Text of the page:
Concern Grows Over New NLRB Rules
by Ben Gann
Employers are growing increasingly concerned with the actions
of the National Labor Relations Board (NLRB) over the past two years.
Decisions to implement a quickie election rule and require employers to
display a poster of informing workers of their right to unionize have
increased tension between employers and the agency charged with investigating
unfair labor practices.
Court Overturns Union Election Rule
On April 30, NLRB’s expedited-election rule took effect, better known
as the “quickie election” rule that substantially reduces the period between
the filing of a representation petition and a union election. Prior to
the rule’s enactment, these petitions would trigger a hearing designed
to resolve any voting eligibility issues long before the ballots were
cast. However, under the new rule it defers most eligibility determinations
until after the votes have already been cast by the employees whom the
union seeks to represent.
"WDMA is concerned
about NLRB’s aggressive agenda and its threat to economic growth and job
On May 14, however, employers were granted a reprieve from
the rule when the U.S. District Court for the District of Columbia overturned
it because the NLRB Board lacked a quorum when it approved a faster union
election process. The U.S. Chamber of Commerce and the Coalition for a
Democratic Workplace (CDW) brought a suit against the NLRB arguing the
rule was issued without a legal quorum as two Board members denied the
third member from fully participating in the rulemaking. In his written
opinion, Judge James Boasberg stated, “In this case, because no quorum
ever existed for the pivotal vote in question, the Court must hold that
the challenged rule is invalid.”
The NLRB Board now has five members and could reinstate the rule if a
quorum is reached at a meeting where a majority of the Board votes to
approve it. For their part, employer groups are happy about the recent
court decision but have vowed to continue their challenge of the rule.
Under the rule, NLRB regional directors have newfound discretion to schedule
hearings within seven days of the petition. Even if such hearings are
granted, the new rule allows hearing officers to cut them short, reject
evidence, and to issue rulings without the benefit of briefs. The new
rule also allows hearing officers to schedule an election within two weeks
of issuing a ruling. The election would take place within three weeks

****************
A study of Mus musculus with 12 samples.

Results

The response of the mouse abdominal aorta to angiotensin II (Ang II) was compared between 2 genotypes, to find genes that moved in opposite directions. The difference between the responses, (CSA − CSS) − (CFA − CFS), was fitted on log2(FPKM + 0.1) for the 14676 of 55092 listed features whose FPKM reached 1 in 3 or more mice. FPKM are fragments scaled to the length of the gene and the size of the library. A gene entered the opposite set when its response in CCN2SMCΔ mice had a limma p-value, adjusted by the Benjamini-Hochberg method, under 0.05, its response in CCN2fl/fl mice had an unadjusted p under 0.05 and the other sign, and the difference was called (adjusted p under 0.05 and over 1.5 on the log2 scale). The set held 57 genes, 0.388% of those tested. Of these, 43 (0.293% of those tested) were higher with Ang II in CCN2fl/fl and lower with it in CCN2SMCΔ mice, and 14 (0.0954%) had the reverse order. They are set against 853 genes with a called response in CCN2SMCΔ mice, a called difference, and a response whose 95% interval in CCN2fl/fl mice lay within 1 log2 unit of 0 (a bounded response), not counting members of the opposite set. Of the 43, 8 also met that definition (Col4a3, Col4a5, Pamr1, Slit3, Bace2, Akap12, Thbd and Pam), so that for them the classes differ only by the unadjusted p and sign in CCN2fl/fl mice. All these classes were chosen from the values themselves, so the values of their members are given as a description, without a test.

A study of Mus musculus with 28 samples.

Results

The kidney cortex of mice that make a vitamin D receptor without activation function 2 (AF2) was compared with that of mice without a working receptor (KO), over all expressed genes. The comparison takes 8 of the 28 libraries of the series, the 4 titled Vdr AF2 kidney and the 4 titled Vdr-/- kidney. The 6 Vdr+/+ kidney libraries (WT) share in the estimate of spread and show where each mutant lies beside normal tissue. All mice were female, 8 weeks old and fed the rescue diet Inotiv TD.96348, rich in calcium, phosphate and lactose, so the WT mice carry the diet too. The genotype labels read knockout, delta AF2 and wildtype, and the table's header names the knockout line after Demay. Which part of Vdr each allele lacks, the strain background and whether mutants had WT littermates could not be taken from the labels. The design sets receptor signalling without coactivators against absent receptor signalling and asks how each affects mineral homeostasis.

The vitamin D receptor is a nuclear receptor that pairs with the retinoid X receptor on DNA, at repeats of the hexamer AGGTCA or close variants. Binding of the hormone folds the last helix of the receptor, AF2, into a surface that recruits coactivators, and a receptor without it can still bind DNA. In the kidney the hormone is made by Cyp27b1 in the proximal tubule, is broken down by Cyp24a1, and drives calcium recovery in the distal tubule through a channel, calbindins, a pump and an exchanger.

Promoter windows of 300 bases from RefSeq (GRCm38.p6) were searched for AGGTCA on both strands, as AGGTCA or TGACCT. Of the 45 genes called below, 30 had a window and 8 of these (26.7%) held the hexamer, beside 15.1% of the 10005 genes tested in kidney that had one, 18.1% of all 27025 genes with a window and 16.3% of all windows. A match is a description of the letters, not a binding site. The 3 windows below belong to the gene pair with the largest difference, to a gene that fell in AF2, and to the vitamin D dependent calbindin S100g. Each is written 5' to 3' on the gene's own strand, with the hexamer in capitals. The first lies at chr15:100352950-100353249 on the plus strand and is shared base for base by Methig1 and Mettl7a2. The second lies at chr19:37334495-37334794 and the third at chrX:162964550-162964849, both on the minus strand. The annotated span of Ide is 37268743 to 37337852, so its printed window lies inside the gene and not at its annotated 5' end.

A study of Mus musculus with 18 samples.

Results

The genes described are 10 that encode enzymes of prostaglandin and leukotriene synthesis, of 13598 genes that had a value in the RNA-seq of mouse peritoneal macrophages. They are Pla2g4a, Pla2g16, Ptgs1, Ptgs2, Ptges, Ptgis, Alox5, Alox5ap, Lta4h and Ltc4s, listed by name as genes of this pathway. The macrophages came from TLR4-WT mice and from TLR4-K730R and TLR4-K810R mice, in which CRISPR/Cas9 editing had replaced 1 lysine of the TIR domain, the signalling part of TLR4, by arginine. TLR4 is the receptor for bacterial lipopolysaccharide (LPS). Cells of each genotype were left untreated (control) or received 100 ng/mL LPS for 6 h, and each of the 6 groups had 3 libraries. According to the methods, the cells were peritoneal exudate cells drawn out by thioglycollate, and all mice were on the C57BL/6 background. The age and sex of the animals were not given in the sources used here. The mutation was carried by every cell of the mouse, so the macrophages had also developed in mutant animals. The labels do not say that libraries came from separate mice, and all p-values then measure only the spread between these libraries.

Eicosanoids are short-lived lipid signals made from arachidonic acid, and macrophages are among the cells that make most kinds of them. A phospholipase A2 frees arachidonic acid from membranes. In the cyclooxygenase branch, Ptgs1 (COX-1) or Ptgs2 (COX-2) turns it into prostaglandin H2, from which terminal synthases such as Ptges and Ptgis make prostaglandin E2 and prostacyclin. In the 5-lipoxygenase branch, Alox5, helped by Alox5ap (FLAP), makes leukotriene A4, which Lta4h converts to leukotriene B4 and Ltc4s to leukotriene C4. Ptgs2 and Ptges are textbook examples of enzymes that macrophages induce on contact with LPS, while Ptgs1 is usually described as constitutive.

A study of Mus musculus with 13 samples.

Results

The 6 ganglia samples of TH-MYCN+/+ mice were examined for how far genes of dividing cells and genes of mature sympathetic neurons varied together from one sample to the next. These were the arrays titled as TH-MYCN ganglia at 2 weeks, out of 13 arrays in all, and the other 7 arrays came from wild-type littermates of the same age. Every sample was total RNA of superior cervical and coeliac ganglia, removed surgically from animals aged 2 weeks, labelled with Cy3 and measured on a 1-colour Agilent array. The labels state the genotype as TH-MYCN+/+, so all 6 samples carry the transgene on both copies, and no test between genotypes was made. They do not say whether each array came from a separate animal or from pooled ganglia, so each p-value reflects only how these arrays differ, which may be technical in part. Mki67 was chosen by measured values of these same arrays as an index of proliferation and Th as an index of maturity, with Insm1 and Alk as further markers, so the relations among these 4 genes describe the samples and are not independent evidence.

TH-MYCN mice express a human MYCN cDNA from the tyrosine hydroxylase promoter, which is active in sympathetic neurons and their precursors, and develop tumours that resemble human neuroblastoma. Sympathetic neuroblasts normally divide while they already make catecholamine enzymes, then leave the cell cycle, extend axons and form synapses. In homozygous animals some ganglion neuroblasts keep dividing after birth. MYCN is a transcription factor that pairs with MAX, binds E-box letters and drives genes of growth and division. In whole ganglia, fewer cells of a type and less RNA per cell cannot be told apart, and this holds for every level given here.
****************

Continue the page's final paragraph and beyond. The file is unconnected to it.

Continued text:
of the petition date (currently the average election takes place in 42
Employer groups have pointed out that in 2011 the union win rate for elections
was 71 percent making the need for such a rule unnecessary. An analysis
by Bloomberg in February showed that unions win 87 percent of elections
held 15 days or fewer after they are called, but it drops to 58 percent
after 36 to 40 days.
Poster Rule Halted
The news is also improving for employers concerning the NLRB’s union poster
rule. On April 17, the U.S. Court of Appeals for the D.C. Circuit issued
an emergency injunction delaying the rule, which would have required employers
to post an 11-by-17 inch notice regarding employee rights to unionize
under the National Labor Relations Act. The rule was set to take effect
on April 30 but has been delayed indefinitely.
The decision by the D.C. Circuit Court follows a decision by the U.S.
District Court for South Carolina, stating that the NLRB does not have
the statutory authority to require business owners to post the notice.
In a March ruling at odds with the decision in South Carolina, the District
Court for D.C. found the NLRB rule acceptable, but limited how the agency
could enforce it.
The National Association of Manufacturers (NAM) and other business groups
have appealed the rule, stating the NLRB overstepped its legal authority
when issuing the requirement. The Window and Door Manufacturers Association
(WDMA) is a proud member of the NAM and supports the lawsuit. The rule
will remain suspended until the appeal the case is decided. If enacted
the rule would affect more than six million employers who otherwise would
not be subject to the NLRB regulation.
Ben Gann is director of legislative affairs and grassroots activities
for the WDMA.
© Copyright 2012 Key Communications Inc. All rights reserved.
No reproduction of any type without expressed written permission.